Lemonade and bitters was a precursor to lemon, lime and bitters, a drink unique to Australia. The history of lemon, lime and bitters is unclear but its predecessor was a popular alternative to alcoholic drinks as early as the mid-19th century. In 1872, The Argus wrote of the Victorian parliament: Many of the most discreditable scenes in the House would have been avoided had the hon. members confined themselves to lemonade and bitters.
Today, “bitters” commonly refers to Angostura Bitters. However, there were (and still are) other manufacturers producing bitters, which were originally seen as a way of settling the stomach. Among the Australian producers of “stomach bitters” was A. M. Bickford & Sons of Adelaide, later most famous for their lime cordial. Angostura Bitters was invented in Venezuela in the 1820s by one Dr Seigert. The brand seems to have been first advertised in Australia in 1861.
The ubiquity of Angostura Bitters is linked to British colonialism. Adopted by officers of the Royal Navy to liven up their gin it became popular in outposts of the Empire. The combination with lemonade (not American-style lemonade but the clear, fizzy variety) was sometimes known as the Campbell. A variation using ginger ale, ginger beer and a dash of lemon juice was called a Gunner. In the 1930s, lemonade and bitters was touted as a cure for car sickness.
At some point, possibly as late as the 1980s, some enterprising mixologist added either lime juice or lime cordial to the classic Campbell and a new drink was born. It never acquired a catchy name, continuing to be known simply by its three ingredients. In 2018, Kit Kriewaldt’s article for the ABC drew attention to the confusion experienced by ex-pat Aussies when they ordered a lemon, lime and bitters overseas. Turns out it’s unknown beyond our shores. Kriewaldt’s story suggests that there’s a link to golf clubs, where it’s a non-alcoholic favourite at the 19th hole. Even the Angostura people give credence to this legend.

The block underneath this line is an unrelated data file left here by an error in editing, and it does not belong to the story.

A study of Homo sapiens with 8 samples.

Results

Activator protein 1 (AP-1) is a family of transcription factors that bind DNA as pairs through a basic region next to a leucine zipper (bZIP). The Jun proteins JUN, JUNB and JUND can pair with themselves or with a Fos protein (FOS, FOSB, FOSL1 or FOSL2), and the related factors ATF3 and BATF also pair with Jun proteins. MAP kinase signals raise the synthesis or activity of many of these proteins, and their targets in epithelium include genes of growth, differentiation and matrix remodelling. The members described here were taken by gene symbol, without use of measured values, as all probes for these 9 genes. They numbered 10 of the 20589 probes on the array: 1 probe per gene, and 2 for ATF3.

In 2019 there was a controversy when some pubs began refusing to serve lemon, lime and bitters to children. The problem is that Angostura Bitters is actually quite high in alcohol (44.7 per cent by volume). When just a few drops are added to the other ingredients, the amount of alcohol in the final drink is negligible, but when does a drop become a dash? And how many dashes add up to too much? Many pubs elected to play it safe. There is one place in the world where Angostura Bitters is regularly served neat in shots. Washington Island in Wisconsin, USA, has a tavern that was able to serve the drink right through prohibition as it was purportedly a “stomach tonic for medicinal purposes”.
Several soft drink brands have introduced ready-mixed lemon, lime and bitters in cans. However, these, including the version introduced by Angostura itself in 2007, do not have any alcohol content at all. Angostura describes their product this way:
ANGOSTURA® Lemon, Lime and Bitters is the only soft drink in the world with ANGOSTURA® aromatic bitters already in it. It is non-alcoholic, gluten free, low sodium, caffeine free, kosher certified AND, made with pure cane sugar.
As a footnote, as I searched for early mentions of lemon, lime and bitters I found a 1961 American recipe for a drink made with bitters and lemon/lime soft drink. So was it the same as our Aussie favourite? No indeed. Called a Whitecap, it also included a generous measure of cold milk.